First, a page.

Buying Critical Illness Cover

By: Chris Johns

When it comes to critical illness insurance, reading the small print in your policy is absolutely crucial. Depending on the company, up to 25% of critical illness claims are rejected and most of these situations come down to the policy holder not understanding the finer points of their policy.

The increasing amounts of negative publicity surrounding cases in which people with critical illnesses are unable to get their insurance company to pay out dissuade many people from getting insurance they might potentially benefit from. However, when you consider that 20% of men and 17% of women will suffer from a critical illness before they reach 65, insurance begins to sound like an attractive option.

Heavily publicised cases of insurance companies refusing to pay for critical illness claims have led to a significant amount of consumer mistrust in this type of insurance. However, it's important to note that in most cases, one of three issues is in play; the policy holder did not disclose important medical information when they applied for the insurance, they did not follow company protocol when getting medical advice, or they simply thought they were covered for a certain illness when they weren't. By becoming intimately familiar with the terms and conditions of your policy, you can reduce the likelihood of any of these issues arising if you need to make a claim.

Full Disclosure is Required

Non-disclosure is the most common reason that insurance companies reject critical illness claims. This can mean failing to disclose information, or providing inaccurate information either deliberately or unknowingly. This may even include information that is not relevant to a critical illness you suffer from in the future, as well as information relating to your family's medical history.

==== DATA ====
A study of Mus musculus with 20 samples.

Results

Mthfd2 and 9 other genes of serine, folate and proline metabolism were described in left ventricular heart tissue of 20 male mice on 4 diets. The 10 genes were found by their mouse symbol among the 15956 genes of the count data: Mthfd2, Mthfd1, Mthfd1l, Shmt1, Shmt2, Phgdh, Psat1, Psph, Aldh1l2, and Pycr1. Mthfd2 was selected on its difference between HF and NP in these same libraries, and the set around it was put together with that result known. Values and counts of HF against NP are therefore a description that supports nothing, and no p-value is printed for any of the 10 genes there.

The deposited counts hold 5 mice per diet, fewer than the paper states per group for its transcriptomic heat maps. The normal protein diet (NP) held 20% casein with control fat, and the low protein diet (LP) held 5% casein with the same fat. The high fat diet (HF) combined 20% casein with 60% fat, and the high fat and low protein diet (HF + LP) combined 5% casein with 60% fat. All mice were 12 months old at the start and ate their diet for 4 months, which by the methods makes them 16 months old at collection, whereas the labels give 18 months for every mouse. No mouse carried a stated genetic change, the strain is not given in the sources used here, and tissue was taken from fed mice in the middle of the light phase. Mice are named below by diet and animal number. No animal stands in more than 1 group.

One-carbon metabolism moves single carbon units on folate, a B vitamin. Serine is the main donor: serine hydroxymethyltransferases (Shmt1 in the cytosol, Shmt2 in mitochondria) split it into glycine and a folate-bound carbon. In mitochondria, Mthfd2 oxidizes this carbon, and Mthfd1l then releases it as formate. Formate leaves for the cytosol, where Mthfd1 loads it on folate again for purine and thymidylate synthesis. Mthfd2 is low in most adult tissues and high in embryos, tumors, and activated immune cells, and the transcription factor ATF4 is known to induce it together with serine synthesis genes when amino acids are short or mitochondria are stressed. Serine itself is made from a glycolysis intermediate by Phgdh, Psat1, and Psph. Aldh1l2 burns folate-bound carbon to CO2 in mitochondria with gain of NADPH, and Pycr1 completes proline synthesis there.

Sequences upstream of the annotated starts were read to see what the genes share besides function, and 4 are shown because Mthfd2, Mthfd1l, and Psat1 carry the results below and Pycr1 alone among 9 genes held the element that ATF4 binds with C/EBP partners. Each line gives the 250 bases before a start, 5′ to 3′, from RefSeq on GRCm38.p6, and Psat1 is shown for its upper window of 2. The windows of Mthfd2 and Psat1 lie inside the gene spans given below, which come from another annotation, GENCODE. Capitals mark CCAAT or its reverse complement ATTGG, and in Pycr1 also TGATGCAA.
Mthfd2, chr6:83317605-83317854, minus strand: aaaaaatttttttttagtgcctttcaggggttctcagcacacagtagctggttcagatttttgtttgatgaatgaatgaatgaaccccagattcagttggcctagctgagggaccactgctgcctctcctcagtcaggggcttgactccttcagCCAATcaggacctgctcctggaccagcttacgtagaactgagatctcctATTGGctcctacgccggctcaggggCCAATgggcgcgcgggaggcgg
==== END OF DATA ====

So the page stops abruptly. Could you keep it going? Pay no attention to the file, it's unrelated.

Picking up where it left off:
Read the small print and understand what your policy covers before you even commit to a critical illness policy, it's vital that you understand exactly what you are and are not covered for. Regardless of any extenuating circumstances, an insurance company simply will not pay out if you suffer from a critical illness that your policy does not cover. Most standard policies provide cover for a number of conditions, including kidney failure, heart attack, stroke, major organ transplant and coronary bypass surgery. However, if you want cover for additional critical illnesses you'll need to shop around and find a policy that has what you're looking for, and be particularly careful in reading the terms and conditions to make sure it has the cover you need.

Note that critical illnesses as defined by insurance companies are very precise. If your illness does not match your insurance company's definition, they can still reject your claim even if you have met all other criteria of the policy.

Follow Protocol When Seeking Medical Advice

Following your insurance company's protocol when seeking medical advice will reduce the likelihood of them rejecting your claim. For example, if your doctor tells you that you have high cholesterol and gives you advice on dietary and lifestyle changes you must make an effort to reduce it, you must follow your doctor's instructions or risk invalidating any future claim you make. Your company's protocol is crucial information that you should find out before committing to a policy, you need to know how to proceed when seeking medical advice right from the beginning.